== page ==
Second only to the flu, back pain is a major health-related reason millions of Americans miss work. Most back pain is unrelated to an underlying medical condition.
About 80% of back pain results from sprains, strains, and stress on discs and spinal joints. However, as millions continue to work from home, makeshift offices and generally poor ergonomics (like totally ditching that desk chair for a cushy couch) are compounding lower back woes.
If that sounds like you, these back-health tips will come in handy.
Having an outlet like talking to someone, painting, or going for a walk can relax you, relieving tightness in your midsection, neck, and shoulder, facilitating better back health and overall well-being.
Level your monitor
Use big, sturdy books or a stand to lift your desktop monitor or laptop screen an inch or two below eye level to prevent slouching and take a load off your cervical spine.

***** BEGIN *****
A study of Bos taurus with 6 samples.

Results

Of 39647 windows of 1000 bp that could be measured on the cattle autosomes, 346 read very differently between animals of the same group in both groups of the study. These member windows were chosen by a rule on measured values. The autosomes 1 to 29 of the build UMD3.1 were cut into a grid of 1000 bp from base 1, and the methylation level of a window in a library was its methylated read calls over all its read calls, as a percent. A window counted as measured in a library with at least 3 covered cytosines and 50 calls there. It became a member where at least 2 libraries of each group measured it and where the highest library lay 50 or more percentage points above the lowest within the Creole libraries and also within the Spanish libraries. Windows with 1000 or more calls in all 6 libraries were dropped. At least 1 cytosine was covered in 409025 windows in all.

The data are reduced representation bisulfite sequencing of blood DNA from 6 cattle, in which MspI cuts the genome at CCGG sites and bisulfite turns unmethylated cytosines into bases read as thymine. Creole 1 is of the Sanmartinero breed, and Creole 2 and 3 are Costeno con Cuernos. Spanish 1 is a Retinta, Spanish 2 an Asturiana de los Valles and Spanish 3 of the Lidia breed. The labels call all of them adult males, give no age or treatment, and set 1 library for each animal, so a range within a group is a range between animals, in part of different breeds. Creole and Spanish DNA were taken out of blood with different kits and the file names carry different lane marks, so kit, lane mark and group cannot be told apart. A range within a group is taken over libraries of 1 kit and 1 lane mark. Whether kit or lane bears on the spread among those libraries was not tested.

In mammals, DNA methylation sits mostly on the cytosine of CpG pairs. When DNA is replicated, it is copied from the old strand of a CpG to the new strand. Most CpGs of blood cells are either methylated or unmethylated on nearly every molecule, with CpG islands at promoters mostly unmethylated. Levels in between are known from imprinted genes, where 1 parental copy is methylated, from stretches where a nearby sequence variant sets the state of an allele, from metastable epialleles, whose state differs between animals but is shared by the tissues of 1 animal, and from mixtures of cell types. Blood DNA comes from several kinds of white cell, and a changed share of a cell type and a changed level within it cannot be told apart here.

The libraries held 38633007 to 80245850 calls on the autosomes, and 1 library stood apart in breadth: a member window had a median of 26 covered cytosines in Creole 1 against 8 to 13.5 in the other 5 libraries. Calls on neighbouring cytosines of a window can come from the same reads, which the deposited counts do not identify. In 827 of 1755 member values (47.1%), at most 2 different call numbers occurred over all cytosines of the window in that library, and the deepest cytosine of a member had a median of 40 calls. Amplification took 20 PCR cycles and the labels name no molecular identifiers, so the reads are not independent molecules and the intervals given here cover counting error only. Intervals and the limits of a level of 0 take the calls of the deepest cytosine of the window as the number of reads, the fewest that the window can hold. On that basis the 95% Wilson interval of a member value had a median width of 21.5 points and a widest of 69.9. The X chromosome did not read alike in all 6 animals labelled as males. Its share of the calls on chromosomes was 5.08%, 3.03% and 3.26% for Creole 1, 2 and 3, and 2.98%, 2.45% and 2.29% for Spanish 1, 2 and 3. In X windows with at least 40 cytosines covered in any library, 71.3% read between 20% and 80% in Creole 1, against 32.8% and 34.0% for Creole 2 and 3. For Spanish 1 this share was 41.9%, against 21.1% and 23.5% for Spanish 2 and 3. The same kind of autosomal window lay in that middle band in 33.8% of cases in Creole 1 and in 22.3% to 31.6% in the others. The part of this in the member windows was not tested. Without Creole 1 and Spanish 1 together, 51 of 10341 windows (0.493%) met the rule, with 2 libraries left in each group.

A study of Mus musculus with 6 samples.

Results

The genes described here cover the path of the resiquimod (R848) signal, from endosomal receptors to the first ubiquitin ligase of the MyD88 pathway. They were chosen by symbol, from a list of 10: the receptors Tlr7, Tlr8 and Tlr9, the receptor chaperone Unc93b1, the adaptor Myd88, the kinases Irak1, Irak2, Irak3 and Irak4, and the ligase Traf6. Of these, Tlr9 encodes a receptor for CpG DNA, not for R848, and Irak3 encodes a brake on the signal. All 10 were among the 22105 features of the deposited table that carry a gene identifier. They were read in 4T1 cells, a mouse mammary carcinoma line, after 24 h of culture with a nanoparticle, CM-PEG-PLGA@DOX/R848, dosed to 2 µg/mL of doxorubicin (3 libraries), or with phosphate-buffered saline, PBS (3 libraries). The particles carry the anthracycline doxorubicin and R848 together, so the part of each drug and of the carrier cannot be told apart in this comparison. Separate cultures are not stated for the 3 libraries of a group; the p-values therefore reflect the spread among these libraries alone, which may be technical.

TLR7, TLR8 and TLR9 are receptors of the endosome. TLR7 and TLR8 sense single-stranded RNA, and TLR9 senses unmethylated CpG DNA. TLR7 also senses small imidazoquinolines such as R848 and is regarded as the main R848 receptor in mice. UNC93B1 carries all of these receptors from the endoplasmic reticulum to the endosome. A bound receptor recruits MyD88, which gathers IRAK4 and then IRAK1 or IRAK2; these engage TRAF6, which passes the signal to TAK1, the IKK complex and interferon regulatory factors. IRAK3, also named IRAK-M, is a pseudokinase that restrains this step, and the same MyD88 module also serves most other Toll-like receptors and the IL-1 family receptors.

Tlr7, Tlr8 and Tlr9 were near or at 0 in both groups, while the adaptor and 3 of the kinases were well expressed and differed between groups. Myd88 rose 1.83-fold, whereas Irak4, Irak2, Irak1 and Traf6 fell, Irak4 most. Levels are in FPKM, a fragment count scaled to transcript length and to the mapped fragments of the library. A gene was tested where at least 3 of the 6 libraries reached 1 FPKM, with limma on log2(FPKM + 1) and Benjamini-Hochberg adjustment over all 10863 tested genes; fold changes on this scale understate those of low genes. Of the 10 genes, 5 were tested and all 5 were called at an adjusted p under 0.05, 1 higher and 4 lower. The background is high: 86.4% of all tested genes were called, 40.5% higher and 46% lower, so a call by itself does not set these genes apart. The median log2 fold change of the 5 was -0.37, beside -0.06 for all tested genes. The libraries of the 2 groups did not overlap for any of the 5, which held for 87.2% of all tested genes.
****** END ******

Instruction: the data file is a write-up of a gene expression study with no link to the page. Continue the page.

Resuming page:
Move and groove
If you want to prevent stiffness and improve circulation, don’t stay in the same position for hours. Get moving, even for a gentle stretch.
Prop your feet
A proper footrest under your desk aligns your posture and reduces ankle, knee, and leg pain.
Consider standing to send emails, place phone calls or have short meetings. Standing can strengthen your legs, improve balance and help with posture and back strength.
Tuck a towel
When sitting, place a rolled up bath towel or small pillow at the curve of your back for lumbar support.
Water hydrates your discs, joints and spine, which improves their function and repair cycles, reducing back pain over time.
What about radiology?
Unless you are experiencing progressive neurological deterioration like leg weakness or numbness, loss of balance, problems walking, etc., radiology may not help diagnose your back pain and might needlessly expose you to radiation.
Talk with your doctor about any concerns you may have about your back health. If you need help locating a doctor, call customer service at 800-482-6655.